Opinion: I grew up in a culture that embraced physical touch. Then I came to America

sequential illustration of two woman being friends and hugging
(Melek Zertal/For The Times)

She belonged to the woman who owned the hotel across the street from my childhood home in Ethiopia. The monkey spent her days climbing shoulders, playing with children and eating whatever food she was given. She became too difficult to keep when she hit puberty. She screamed a lot and broke things. Her owners tried keeping her on a leash for a while, but that did nothing to stop the nighttime noise.

One afternoon, a group of men drove the monkey to the forest at the edge of town and left her there. The assumption must have been that since she’s originally from a forest, any forest would do. That’s like deporting me to Mexico. The monkey ran after the car as far as she could as if to say: I do not know this place, please do not leave me behind.

I think about that monkey often.

In the small town where I grew up, my classmates at school would put an arm around my shoulder without asking for permission and we would sit like that for the whole duration of recess. On weekends, my cousin or a friend had me sit between her legs to braid my hair. Men held each other’s hands on the streets, rubbed shoulders and touched their friends’ lower backs. There was an unspoken entitlement to each other’s spaces and to varying degrees of touch.

My father’s family farmed on the Los Alamos plateau, before the land was seized to develop the first atomic bomb. Their lives there were among the many secrets they wrapped in a shroud of silence.



Yet, even as a child, I couldn’t wait to leave home. I had heard so much about America: its money, food, clothes, cars, running water, freedom. I moved to California at 17. Soon after I arrived, my older sister and I were walking around a strip mall in Westchester, when I put my arm around her shoulders as I used to do back home.

“Please take off your hand,” she said. “People will think we are lesbians.”

It’s been more than two decades since that day, but I remember exactly how I felt. Devastated.

My sister’s words announced the loss of platonic hugs and touches that were so integral to my well-being, my survival. Years later, I would learn that I am indeed a lesbian, so any part of me that was aware of this at the time must have shrunk out of fear.

I struggled to make friends in America and, when I did, none were like the friends I had in Ethiopia, who would touch me without asking and hug me tightly at night.

When someone like me leaves her natural habitat for a place like Los Angeles, where you have to travel miles to see the few people you know, a certain kind of madness begins to build up within. Everything else I was going through, being undocumented and struggling to continue school, was exacerbated by the utter aloneness I felt.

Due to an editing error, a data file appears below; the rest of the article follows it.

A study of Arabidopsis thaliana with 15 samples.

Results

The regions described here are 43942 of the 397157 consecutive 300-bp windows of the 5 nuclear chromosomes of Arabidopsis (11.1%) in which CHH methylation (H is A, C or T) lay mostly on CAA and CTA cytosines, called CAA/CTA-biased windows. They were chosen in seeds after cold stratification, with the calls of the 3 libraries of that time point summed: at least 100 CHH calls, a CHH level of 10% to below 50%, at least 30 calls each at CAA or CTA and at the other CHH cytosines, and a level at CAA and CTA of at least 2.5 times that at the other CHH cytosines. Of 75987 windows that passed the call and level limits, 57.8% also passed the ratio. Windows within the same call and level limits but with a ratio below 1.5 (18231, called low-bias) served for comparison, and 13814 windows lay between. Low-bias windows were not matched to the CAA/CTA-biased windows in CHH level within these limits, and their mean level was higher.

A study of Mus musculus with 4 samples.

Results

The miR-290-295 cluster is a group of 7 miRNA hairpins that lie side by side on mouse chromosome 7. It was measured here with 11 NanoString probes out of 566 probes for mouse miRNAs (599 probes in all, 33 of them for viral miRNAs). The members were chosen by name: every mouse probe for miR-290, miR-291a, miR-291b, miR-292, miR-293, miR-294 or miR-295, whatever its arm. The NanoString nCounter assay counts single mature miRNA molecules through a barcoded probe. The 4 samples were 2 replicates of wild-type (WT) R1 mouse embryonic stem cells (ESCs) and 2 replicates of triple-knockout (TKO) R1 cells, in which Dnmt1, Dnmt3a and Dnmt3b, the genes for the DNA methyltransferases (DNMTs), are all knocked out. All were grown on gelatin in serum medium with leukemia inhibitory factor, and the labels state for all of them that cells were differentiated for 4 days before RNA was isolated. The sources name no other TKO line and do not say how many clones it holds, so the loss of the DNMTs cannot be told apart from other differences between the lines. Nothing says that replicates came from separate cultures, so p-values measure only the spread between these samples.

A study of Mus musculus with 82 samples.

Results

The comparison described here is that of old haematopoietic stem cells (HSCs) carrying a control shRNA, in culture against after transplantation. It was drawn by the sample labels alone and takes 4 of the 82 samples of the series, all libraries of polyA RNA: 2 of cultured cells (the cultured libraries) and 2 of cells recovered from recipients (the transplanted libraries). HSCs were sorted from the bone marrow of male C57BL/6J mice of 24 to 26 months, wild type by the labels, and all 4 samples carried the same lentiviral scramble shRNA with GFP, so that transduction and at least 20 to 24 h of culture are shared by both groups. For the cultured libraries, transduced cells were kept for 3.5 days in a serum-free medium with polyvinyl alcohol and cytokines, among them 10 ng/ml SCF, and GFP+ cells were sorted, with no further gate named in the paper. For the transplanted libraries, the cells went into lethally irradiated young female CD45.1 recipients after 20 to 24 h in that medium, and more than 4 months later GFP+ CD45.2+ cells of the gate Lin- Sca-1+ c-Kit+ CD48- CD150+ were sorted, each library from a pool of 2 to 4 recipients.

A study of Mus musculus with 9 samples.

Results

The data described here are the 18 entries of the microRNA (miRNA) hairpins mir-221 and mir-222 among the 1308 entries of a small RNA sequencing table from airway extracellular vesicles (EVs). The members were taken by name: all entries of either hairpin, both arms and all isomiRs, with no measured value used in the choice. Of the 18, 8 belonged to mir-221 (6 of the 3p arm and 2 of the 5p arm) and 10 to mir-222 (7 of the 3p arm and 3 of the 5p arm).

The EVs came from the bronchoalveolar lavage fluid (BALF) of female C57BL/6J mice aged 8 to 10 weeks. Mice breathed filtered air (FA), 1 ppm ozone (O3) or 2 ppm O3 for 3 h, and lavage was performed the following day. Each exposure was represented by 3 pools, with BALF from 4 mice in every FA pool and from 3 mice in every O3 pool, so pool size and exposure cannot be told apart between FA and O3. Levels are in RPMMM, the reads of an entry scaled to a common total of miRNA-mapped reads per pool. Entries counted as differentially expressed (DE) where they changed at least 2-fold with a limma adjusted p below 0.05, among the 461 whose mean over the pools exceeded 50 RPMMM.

My body changed to accommodate my new reality. When a friend asked if we could cuddle and laid her head on my lap, I contracted and felt cold and wooden. I realized I could now only touch people with ease (beyond the basics, like handshakes) when there was romantic attraction.



Over the last decade and a half, anti-gay hysteria in Ethiopia, mostly spearheaded by a nongovernmental organization with funding from American evangelicals, has popularized gay and lesbian identities and tied them to sexually transmitted diseases and pedophilia. This has given new meaning to activities people once casually engaged in with friends. Passionate same-sex friendships — even those that occasionally slipped into sex — had not been considered homosexual activities that required a rigid identity of gay or lesbian. So, the shades of platonic intimacy that filled the space between friendships and more permanent sexual relationships are vanishing. The edge of romance is now a cliff. In a way, it didn’t matter that I came to America because America would have come for me eventually.

I have wondered what my life would have been like had I stayed in the old Ethiopia where I was able to maintain romantic friendships. I’m not sure I would have needed to call myself a lesbian, or even queer. I know Ethiopian women who are married to men but maintain romantic relationships with women friends. Women who believe that “men are for family, and women for love.” I can imagine my life resembling theirs. Or unmarried, happy in the company of friends who provide me with physical intimacies of varying intensities.


A few weeks after the removal of the monkey from the hotel, we heard that she was living in a village some five kilometers away, where she sat by the roadside begging people for food.

A home is lost twice: first when you leave it and then again when you return.

When I went back to my hometown for the first time in 21 years in March, another sister kept rubbing my arms and shoulders. It felt like an intrusion. Perhaps it is because I have long been unsure of how to receive her attempts to show affection considering that she and other family members have been begging God to cut my queerness out of me. Or maybe it’s just that I have been altered.


The forest is no longer my home, and neither is the hotel.

Mihret Sibhat is the author of “The History of a Difficult Child.”